I read some reactions to a recent speech by Steven K. Bannon from people identifying as Alt Right. One response, I thought, was overly laudatory, the other overly dismissive. Here I give very briefly my view of Bannon’s relationship to nationalism and to the race.
On the whole, Steve Bannon is a conservative Catholic — conservative in the old sense of preserving traditions. His public statements generally reflect that. He has in the past stated his rejection of racism, but also his opposition to economic globalism and support for a nationalism based not on race but on social ties and culture. This seems to be in accord with the Catholic worldview. Based on this understanding of Bannon, I would not expect him to advocate anything more radical than civic nationalism.
Civic nationalism is not really enough to prevent racial decline, but it is a good start. I might point out that Mussolini’s Italy was a civic nationalist state. Once the principle is established, that the state exists to preserve the people in it and to guard their interests against predatory minorities and against predatory foreigners, further refinements can be made later.
What I find especially important is Bannon’s stated view that the economy exists to serve the nation. This is a direct repudiation of what passes for conservatism today. That “conservatism,” which would not have been regarded as conservative a century ago, subordinates all other considerations to profit. Under that ideology, race is one of many values sacrificed on the altar of Mammon. The rejection of that ideology is a prerequisite for our race’s survival. In that regard, Bannon is in practice, regardless of his declared disregard for race as a value, a more radical advocate for our race than some who carried torches in Charlottesville, who still espouse that destructive ideology of profit.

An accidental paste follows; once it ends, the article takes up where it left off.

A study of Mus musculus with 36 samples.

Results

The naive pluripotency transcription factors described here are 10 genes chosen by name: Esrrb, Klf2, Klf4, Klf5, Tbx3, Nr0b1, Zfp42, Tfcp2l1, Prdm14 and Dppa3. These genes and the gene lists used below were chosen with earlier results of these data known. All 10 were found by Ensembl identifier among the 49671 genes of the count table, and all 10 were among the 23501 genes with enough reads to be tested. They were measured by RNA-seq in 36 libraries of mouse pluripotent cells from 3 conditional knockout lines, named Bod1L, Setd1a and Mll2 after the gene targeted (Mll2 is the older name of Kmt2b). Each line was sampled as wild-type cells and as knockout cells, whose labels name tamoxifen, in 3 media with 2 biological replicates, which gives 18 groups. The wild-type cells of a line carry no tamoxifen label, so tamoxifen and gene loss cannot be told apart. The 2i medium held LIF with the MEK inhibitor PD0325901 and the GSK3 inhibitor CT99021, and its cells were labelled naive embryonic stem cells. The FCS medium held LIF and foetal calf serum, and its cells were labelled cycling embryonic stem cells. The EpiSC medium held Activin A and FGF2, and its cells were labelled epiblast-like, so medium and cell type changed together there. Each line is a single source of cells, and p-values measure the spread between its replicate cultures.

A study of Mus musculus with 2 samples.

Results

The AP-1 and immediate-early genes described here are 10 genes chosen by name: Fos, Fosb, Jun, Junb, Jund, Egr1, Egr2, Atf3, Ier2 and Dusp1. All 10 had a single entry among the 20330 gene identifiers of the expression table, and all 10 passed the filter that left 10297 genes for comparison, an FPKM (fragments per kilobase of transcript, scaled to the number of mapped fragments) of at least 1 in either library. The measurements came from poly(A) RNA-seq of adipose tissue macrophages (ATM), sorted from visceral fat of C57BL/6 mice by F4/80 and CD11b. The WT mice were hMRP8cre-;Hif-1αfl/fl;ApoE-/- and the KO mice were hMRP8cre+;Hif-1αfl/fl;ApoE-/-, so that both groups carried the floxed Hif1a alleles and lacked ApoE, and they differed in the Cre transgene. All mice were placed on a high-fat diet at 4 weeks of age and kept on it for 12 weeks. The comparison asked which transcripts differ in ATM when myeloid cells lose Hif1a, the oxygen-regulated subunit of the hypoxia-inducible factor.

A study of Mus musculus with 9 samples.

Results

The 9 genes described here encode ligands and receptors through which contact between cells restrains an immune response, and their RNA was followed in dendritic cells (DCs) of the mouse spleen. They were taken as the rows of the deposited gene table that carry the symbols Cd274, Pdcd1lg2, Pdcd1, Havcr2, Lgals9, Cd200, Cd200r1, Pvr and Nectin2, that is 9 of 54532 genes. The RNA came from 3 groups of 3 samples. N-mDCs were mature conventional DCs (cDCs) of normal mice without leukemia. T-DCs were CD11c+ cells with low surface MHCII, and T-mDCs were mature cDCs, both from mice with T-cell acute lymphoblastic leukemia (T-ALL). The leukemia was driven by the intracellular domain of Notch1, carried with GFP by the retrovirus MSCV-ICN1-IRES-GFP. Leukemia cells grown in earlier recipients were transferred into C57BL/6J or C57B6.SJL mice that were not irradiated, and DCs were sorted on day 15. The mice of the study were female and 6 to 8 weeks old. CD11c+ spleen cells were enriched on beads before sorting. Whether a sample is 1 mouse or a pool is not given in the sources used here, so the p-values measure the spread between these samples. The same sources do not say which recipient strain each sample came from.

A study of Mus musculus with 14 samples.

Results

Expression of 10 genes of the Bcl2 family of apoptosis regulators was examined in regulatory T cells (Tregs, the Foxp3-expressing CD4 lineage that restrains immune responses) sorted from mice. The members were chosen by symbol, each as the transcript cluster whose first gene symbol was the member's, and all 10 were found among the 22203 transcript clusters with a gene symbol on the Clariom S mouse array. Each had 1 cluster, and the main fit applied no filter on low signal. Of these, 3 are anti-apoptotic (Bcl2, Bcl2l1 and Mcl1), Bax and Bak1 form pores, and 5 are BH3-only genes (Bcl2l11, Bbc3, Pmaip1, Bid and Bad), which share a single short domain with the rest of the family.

What I find curious is Bannon’s repeated misuse of the word corporatist. He uses the word corporatist as a smear-word, the way Marxists use it, apparently as a synonym for plutocrat, and of course as a way to avoid saying Jew.
As a conservative Catholic, Bannon ought to know the proper meaning of corporatism, because it was advocated by Pope Leo XIII. Corporatism is a system that is supposed to prevent any particular set of interests from dominating a national economy and serving themselves to the detriment of the nation as a whole. This is the corporatism that was later adopted by Mussolini’s Italy, and would eventually have been implemented in National-Socialist Germany. It is an expression of economic populism. There is even a fine article on Wikipedia that explains this, if it hasn’t yet been vandalized by editors.
Marxists have inverted the meanings of words like corporatism that represent alternatives to Leninism in order, I believe, to remove those concepts from public discourse. As a conservative Catholic, Bannon should know better.
During the election last year I supported Trump. To those who pointed out Trump’s shortcomings, especially his Jewish connections, my response was that unfortunately Hitler was not on the ballot. Nor is it reasonable to expect somebody like Hitler to be on the ballot in a country as badly entrenched in delusion as the United States. The USA needs radical change, and this does not happen overnight. There are bound to be intermediate stages. Before the National-Socialists became dominant in the German Reichstag and Hitler was appointed chancellor, Europe was shocked by the election in 1925 of the conservative president Paul von Hindenburg. Hindenburg was not Hitler, but he made Hitler possible. Without losing sight of our ideal, this is how we have to view political change, as an incremental process.
Steve Bannon seems to be less educated in nationalism than he should be; he doesn’t even know as much as a conservative Catholic should know. It appears that his outlook is not altogether free of the prevalent “conservative” attitudes and other propaganda of the past few decades — but he does nonetheless represent a move in the right direction.